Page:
Paragraph 79 (formerly paragraph 55) is included in the National Policy Framework and has been designed to actively dissuade local authorities from approving developments on unbuilt land in a rural setting, in other words, to stop people from building new isolated homes in the open countryside.
There are a number of exceptions to be aware of, however, and each case is entirely unique. The clause itself ensures a one-off building of the highest standard and it does allow permission for projects that would otherwise never be possible to build. This can sometimes be an incentive for those who would like to build and own a bespoke property.
Although some people attempt to talk about paragraph 79 as if it’s a huge obstacle, it can actually be an exciting opportunity for a client and architect to work together to create something amazing. In the last few years, there have been just 113 applications. 66 of these have been approved; 59 at committee level, 7 on appeal. That is a success rating of over 50%, so it’s not impossible to do. The considered design approach required may result in a truly original home that you will not find anywhere else.
There are a few key points you should be aware of, though:
In July 2018, the government updated the NPPF. The ‘Paragraph 55’ policy changed in name to ‘Paragraph 79’, though the content itself is the same, stating that planning policies and decisions should avoid the development of isolated homes in the countryside unless certain circumstances can be met.
This is a truly interesting framework that can be looked at both as a challenge and an opportunity to commission and own a bespoke piece of architecture. That being said, in the six years since the NPPF was introduced, the take up for Paragraph 79 designs has been relatively slow. This can be put down in part to the challenging and subjective nature of the policy.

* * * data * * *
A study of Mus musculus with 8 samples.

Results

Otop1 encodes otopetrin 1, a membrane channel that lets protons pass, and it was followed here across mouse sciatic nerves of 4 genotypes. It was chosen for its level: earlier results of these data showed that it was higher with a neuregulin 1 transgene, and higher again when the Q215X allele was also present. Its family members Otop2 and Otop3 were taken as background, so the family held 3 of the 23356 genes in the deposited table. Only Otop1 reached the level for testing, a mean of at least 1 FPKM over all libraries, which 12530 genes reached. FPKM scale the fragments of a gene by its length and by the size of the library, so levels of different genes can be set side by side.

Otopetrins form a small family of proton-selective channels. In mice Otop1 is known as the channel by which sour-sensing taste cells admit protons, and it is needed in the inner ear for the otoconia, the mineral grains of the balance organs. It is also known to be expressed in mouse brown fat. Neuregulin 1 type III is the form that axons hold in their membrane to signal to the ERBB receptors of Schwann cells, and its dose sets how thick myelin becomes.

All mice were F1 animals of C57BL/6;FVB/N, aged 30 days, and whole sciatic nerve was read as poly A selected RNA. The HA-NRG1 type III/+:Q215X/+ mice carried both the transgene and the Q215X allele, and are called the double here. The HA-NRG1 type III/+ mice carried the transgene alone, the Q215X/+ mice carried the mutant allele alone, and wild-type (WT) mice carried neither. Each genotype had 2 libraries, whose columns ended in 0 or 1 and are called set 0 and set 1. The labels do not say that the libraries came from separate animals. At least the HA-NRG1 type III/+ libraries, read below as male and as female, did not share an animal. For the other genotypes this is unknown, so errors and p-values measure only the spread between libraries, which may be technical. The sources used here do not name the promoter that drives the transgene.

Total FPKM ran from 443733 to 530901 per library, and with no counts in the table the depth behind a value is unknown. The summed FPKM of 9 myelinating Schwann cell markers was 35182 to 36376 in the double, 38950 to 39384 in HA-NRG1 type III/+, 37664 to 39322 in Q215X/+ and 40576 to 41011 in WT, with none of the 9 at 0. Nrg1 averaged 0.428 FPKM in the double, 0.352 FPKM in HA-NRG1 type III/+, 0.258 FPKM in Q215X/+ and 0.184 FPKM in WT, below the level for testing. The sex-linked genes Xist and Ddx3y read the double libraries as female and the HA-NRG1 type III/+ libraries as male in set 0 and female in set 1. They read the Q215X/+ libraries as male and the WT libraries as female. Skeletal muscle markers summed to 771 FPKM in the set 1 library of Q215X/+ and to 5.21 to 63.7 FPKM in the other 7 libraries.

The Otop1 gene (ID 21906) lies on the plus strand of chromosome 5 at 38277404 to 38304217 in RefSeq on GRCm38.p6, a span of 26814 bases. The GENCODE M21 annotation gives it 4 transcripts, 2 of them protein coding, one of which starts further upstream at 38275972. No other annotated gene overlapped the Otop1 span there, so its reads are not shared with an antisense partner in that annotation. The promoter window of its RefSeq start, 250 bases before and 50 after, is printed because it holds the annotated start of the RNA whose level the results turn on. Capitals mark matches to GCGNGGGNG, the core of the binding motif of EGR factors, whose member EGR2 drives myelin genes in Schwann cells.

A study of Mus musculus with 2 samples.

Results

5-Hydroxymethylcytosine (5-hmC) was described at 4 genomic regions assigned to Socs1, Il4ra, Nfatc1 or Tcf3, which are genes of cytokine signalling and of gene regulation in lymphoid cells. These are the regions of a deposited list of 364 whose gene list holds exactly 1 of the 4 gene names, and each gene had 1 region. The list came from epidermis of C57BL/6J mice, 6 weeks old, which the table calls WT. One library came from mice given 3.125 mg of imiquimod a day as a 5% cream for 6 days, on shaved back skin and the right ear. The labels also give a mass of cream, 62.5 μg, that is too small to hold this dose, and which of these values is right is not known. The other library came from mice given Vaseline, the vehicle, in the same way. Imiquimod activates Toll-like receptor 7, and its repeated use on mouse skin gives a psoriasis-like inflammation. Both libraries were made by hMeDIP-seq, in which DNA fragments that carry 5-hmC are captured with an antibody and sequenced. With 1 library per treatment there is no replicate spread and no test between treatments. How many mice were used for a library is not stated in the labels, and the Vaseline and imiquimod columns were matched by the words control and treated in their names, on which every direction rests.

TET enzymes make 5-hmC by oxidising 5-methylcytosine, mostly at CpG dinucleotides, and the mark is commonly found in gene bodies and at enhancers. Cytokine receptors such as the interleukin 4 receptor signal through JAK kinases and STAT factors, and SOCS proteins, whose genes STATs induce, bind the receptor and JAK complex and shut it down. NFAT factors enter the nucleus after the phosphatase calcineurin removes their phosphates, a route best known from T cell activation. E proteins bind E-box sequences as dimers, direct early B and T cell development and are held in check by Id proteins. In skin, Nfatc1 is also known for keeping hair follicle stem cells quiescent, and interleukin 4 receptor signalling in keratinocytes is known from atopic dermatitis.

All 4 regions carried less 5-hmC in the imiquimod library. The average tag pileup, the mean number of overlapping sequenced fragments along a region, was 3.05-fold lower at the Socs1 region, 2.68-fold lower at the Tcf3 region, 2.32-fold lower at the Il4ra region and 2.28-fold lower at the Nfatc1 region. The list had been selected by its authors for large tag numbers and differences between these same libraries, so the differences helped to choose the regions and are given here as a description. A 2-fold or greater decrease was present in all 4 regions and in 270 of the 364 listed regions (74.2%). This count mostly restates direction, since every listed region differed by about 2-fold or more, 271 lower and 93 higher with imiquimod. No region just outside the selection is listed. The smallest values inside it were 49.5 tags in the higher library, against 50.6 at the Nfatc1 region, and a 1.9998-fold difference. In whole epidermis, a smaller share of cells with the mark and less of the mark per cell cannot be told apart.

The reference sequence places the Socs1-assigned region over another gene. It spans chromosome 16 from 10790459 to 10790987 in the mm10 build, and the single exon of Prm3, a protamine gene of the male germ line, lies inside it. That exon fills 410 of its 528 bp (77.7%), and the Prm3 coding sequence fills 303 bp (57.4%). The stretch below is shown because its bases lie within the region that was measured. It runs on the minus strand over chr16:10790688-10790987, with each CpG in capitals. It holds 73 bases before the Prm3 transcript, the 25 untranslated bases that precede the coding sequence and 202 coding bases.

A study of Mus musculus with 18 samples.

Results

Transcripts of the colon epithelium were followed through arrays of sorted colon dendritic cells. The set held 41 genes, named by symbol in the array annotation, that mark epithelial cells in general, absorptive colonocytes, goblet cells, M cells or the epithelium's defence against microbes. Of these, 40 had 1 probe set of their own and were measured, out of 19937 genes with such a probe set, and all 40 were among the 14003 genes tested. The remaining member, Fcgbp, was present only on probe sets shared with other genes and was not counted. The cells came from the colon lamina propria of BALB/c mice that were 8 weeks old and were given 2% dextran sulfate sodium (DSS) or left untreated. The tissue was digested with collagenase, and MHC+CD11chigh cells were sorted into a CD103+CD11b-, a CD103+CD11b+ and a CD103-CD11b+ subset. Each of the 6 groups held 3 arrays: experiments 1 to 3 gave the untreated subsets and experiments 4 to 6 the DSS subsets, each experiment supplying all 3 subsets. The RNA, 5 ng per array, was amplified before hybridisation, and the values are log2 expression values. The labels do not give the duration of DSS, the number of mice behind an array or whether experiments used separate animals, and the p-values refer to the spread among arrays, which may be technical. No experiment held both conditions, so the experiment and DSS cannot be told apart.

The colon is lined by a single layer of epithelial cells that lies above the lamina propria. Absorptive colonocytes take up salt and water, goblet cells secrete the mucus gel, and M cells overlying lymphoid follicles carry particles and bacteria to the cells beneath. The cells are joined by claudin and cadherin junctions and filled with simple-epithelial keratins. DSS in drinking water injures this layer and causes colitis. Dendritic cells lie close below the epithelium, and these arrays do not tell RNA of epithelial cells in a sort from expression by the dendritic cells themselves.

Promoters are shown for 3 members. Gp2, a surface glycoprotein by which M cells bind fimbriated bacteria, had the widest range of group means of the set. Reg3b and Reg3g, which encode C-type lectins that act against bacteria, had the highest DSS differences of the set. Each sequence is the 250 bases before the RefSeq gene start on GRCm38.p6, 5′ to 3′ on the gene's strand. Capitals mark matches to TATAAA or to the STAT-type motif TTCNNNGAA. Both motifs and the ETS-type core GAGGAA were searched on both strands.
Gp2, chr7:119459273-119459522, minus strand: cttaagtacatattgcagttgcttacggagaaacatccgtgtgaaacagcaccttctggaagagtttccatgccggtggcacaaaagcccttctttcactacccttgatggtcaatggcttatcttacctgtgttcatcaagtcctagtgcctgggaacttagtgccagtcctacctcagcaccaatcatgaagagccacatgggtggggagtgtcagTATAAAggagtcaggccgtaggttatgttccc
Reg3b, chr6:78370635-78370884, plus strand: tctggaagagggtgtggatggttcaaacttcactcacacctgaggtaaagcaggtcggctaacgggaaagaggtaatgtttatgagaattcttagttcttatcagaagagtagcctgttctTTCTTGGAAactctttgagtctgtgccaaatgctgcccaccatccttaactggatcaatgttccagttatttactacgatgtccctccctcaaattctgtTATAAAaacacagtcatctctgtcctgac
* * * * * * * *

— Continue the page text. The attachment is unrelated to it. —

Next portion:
This can be an interesting approach for architects in Surrey, Hertfordshire and Buckinghamshire as Paragraph 55 of the National Planning Policy allows new life to be injected into Britain’s renowned and historic heritage of country homes without disturbing the landscape that makes them so prestigious in the first place.
When it comes to the design of the project, the NPPF states that the design must be of exceptional quality, in that it:
You will see how that in early articles on Paragraph 55 (now 79) it has been mentioned that clients must be willing to spend a substantial amount of money to gain planning permission. Although this is definitely a possibility and something you’ll want to greatly consider if you’re set on building an isolated property in the rural countryside, you may be able to gain paragraph 79 approvals for a much lower figure by working with the right architect.
By ensuring you take a collaborative and flexible approach, and that you establish a positive dialogue between critiquing parties, you will give yourself a better chance of success. An adversarial approach to this is not advised and will nearly always leave you disappointed. When it comes to planning, a positive approach will also give the local authority the opportunity to advise you on your proposals, which will then steer you in the right direction of an approach that is far more likely to be given approval.
Soft, flexible, and positive is key if you’re looking to gain paragraph 79 approval. Your architect will be able to look deeper into this with you and advise you further.
This guide is suitable for anyone requiring consent from the local council to alter a home. It reviews the ins and outs of UK planning and strategies for successfully navigating it, based on our own experience.